It was my first time in the Ukraine, we landed in Kiev myself and Mark and found outself outside of the airport waiting for our pickup. It hadnt seemed that long from making the decision to visit Chernobyl and finding ourselves here, the money had been payed to the agent who was helping us to organise this and we just had to hope that everything would go to plan.
It was August 2010 and after a few years of taking photo's I had gravitated towards dereliction and decaying buildings as my focus. Chernobyl was almost the holy grail of locations for this type of photography having been completely abandoned almost 25 years previous because of the nuclear accident which shocked the world.
Our driver didn't speak much english so after collecting out bags, we got into the back of a black sedan and started the drive out of the city nervously watching the scenery pass. You need visa's to enter the armed exclusion zone and luckily everything seemed to be in order as they let us pass through and after the checkpoint the scenery quickly started to change, most noticably the roads which started to change into uneven slabs of concrete and potholes which spanned most of the width, I wouldnt like to do this trip in the dark!
Chernobyl, the name given to the ill-fated power station is actually a small village approximately 10km from the plant, its now the home to the workers that are still active around the area as well as scientists and tour guides. The town has a military feel to it, combat attire is the unofficial uniform, our "hotel" was a prefab building which was simple but would be home for the next few days. Outside the main centre, there were rows and rows of cottages which were hidden from view, swallowed up by trees and plants looked much more rural but the wooden frames which would have once been bright and colourful were now cracked and faded.
The first day started and the realisation that I was waking up in Chernobyl was very surreal. We started out with a few locations near to the town, firstly an old football field which is now home to a few old military vehicles, these were set on concrete plinths with small yellow triangles with radioactive signs painted on them. I went out taking photos at night here which I have since found out was strictly forbidden. At night the town was dark, there arent that many street lights or light polution so you are faced with the pitch black along with a heavy silence which is occasionally broken by the calls echoing from the surrounding wildlife.
After the military vehicles, we drove to the Pripyat river, the river used to be the main transport link and it quickly go contaminated after the accident. The ships are beached on the shore and rusting away. We spent a good time walking over the ships and exploring the riverline.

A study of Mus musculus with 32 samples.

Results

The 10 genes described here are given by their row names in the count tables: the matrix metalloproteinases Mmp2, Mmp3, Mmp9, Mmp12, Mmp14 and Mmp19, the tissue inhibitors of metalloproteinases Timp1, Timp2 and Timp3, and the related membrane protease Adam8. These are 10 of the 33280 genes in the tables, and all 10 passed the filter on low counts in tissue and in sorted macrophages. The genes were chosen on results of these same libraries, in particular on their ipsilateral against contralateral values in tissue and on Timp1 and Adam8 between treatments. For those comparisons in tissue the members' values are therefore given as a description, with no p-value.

The journey continued out of Chernobuyl and towards the city of Pripyat and though the industrial complex which housed the main power station. Either side of the river, there were constructions which were halted, one for a new reactor.
It was reactor 4 where the accident happened, a power surge during a routine test caused a rupture and an explosion. The memorial in the viewing area is dedicated to the firemen and emergency workers that fought to contain the damage, knowing that there would be no chance of surviving the radiation effects. stood infront of the reactor was sobering, as the tower loomed over you casting a shadow over the monument. This was the closest that we could get to the reactor.
As we moved on towards the city of Pripyat there was one other stop on the way. The kindergarted in one small villiage was hidden away beneath the trees, like something out of a fairytale, inside was full of small cribs and toys.
There is something quite haunting about a dark and dusty atmosphere in somewhere which would have once been filled by childrens laughter and energy. The books and items of clothing would have belonged to children who would now just younger than me and
I wondered where they were now.
The best way to understand the scale of the city that was built specifically for the workers of the Chernobyl plant and their families was to get up high and after countless floors of stairs (no electricity means no lifts)
The roof of the apartment block opened out to an amazing view of the city with the outline of the reactor on the horizon, a constant reminder of the tragidy that happened here.
my curiosity of the view outweighed my vertigo here and I managed to get to the edge if only for a short amount of time.
Apparently there were rumors that this factory made military items or something secret but we didnt find any traces here. This place looked like the abandoned factory urbexing in the uk apart from some of the russian writing on the walls and things like the fire extinguishers.
The place was waterlogged which made for some nice reflections but aside from that, there wasnt much here. We walked out from the complex, It was big and near to the actual factory, there were admin buildings which had fallen victim of looters and thieves.
Finally we paid a visit to the fairground, the ferris wheel, made famous by the call of duty game rises high above the trees, a rusting structure with its bright yellow pods looked vivid against the now blue sky. The park was due to open in May of 1986, literally a few weeks after the accident but by then, Pripyat had been fully evacuated so nobody ever got a chance to enjoy the rides.
Bumper cars and chair swings were also part of the park. We had run out of time for today and now journeyed back through the checkpoints and back to Chernobyl where we would stay the night and return the following day.